Last week I mentioned the book, The Path of Least Resistance — Learning to Be a Creative Force in Your Own Life by Robert Fritz. Another book I had read and liked had suggested it, and I was taken by the catchy title, but it didn’t resonate with me. I found it to be wordy, and I disagreed with some of the things Fritz said — for instance that problem solving is not creating. Yeah, sure. Tell that to anyone who has been awed by the Roman aqueducts. But I was willing to give Fritz the benefit of the doubt. When I saw that I could take his program Technologies for Creating at home for a reasonable price, I decided to see how he put his ideas into action.
Let’s just say I was surprised. When the gal (during the first of the weekly phone interviews) asked me what my goals were I said, “I want to do some writing, and I want to enjoy the process.” Nope, that was completely unacceptable. Not nearly motivating enough. I was supposed to envision that I’ve written a book, that I’m holding it my hands, that I’m receiving praise and publicity, that I’m holding a check I have received for it, etc. Huh? That’s not the way I work.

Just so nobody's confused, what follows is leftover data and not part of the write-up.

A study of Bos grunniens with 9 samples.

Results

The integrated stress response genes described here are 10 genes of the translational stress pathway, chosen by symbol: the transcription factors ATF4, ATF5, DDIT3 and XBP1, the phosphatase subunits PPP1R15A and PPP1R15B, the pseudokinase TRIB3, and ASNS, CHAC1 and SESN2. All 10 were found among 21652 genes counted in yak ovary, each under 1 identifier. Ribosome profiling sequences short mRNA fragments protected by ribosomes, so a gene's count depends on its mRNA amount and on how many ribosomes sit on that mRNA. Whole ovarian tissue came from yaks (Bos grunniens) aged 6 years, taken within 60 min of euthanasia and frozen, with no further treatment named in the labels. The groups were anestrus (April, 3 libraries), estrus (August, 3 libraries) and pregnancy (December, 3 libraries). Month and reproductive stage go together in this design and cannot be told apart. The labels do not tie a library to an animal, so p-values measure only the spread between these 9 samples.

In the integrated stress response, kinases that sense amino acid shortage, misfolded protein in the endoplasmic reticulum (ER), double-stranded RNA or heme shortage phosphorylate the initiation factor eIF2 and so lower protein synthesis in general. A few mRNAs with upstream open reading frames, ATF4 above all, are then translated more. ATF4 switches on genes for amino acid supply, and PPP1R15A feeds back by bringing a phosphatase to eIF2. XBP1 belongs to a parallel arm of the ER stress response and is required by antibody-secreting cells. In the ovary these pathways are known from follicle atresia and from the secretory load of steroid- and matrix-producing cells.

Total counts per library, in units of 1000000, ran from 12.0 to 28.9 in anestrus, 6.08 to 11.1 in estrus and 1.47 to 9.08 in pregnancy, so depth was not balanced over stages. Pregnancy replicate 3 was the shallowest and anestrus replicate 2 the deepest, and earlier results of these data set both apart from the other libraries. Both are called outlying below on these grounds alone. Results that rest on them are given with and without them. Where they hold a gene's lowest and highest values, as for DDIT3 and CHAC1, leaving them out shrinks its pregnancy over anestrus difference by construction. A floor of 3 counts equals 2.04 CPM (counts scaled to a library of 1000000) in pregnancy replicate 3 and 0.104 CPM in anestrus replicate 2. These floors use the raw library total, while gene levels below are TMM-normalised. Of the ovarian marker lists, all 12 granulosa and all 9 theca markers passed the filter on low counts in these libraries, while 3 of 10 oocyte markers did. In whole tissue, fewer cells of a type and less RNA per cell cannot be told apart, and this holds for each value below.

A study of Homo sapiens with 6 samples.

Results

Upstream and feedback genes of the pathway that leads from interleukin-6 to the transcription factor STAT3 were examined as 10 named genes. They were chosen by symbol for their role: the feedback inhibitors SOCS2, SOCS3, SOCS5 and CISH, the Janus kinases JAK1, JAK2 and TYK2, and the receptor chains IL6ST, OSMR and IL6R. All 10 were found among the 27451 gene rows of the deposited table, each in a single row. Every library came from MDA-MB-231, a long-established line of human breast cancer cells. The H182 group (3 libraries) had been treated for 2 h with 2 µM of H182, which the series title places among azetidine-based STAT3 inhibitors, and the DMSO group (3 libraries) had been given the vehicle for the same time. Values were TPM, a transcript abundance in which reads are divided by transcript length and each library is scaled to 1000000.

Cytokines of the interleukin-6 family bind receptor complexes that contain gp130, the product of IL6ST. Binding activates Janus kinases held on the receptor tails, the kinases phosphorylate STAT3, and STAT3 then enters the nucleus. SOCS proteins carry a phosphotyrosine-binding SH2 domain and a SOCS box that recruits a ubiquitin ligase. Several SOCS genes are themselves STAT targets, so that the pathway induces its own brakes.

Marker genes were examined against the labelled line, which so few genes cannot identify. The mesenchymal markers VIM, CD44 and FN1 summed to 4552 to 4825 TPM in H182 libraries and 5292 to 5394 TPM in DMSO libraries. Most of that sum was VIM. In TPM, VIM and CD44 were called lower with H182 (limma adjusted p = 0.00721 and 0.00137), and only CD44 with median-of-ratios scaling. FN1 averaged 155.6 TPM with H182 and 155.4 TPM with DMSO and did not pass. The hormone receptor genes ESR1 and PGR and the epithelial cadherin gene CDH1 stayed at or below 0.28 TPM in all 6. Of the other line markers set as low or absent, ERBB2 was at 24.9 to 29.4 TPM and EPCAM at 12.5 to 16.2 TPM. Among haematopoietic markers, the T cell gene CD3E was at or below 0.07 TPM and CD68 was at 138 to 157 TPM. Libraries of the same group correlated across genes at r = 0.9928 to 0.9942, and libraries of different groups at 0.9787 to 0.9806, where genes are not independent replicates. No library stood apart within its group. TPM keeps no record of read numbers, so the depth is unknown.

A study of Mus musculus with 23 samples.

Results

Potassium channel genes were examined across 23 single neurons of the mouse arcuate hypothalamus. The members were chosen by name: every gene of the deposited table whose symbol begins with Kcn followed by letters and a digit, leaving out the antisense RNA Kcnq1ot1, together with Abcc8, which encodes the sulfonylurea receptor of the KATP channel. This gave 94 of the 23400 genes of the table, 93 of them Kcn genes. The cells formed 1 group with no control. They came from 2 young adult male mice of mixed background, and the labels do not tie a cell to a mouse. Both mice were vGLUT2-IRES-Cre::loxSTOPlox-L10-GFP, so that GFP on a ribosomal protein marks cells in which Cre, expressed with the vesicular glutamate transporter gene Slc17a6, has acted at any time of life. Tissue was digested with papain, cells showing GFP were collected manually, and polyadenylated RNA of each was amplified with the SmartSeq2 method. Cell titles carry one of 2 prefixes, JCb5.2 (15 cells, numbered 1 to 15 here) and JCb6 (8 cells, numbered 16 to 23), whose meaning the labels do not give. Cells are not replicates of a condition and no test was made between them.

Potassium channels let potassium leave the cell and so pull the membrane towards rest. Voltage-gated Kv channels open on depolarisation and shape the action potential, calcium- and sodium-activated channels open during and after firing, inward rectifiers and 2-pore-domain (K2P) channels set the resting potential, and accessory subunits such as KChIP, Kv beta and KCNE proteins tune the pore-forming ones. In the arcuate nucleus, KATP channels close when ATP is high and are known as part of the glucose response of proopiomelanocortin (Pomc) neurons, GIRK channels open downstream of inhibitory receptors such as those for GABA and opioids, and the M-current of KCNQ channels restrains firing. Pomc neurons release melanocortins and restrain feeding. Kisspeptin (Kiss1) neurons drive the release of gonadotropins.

Also the gal said the conscious mind has to be in charge, that our subconscious should be like a well-trained dog. My approach is just the opposite. I treat my subconscious well by feeding it the information it needs and by giving it plenty of incubation time to come up with the insights and ideas I need. (I agree with the four stages of creativity: preparation, incubation, illumination, and verification.) If I have a project that needs some creative thought I don’t procrastinate but start researching it early. And the key to that is enjoying myself, to do it in the spirit of play. Now that I’m retired I usually get to choose my own projects, and even there I don’t sit down and consciously think about it. I rely on my subconscious to decide. We make a good team. No well-trained dogs there.
Okay, so was the course a waste of money? Not at all. It was such a mismatch that it clarified what I do want and believe. I am scratching my head though. I just skimmed through the book to the part where Fritz talks about what he thinks we should be doing — operating from our fundamental life choices rather than being reactive — and it sounds surprisingly like Item 1 of the Traits of Stress-Hardy, Resilient People:
They have a sense of meaning, direction, and purpose. They are value-centered rather than reactive and defensive….
So why the gal’s focus on external rewards rather than intrinsic motivation? Who knows. Just another of the mysteries of the universe.
What about you? Do you think you’re more reactive to circumstances or more inner-directed? Does the phrase “creative force in your life” resonate with you?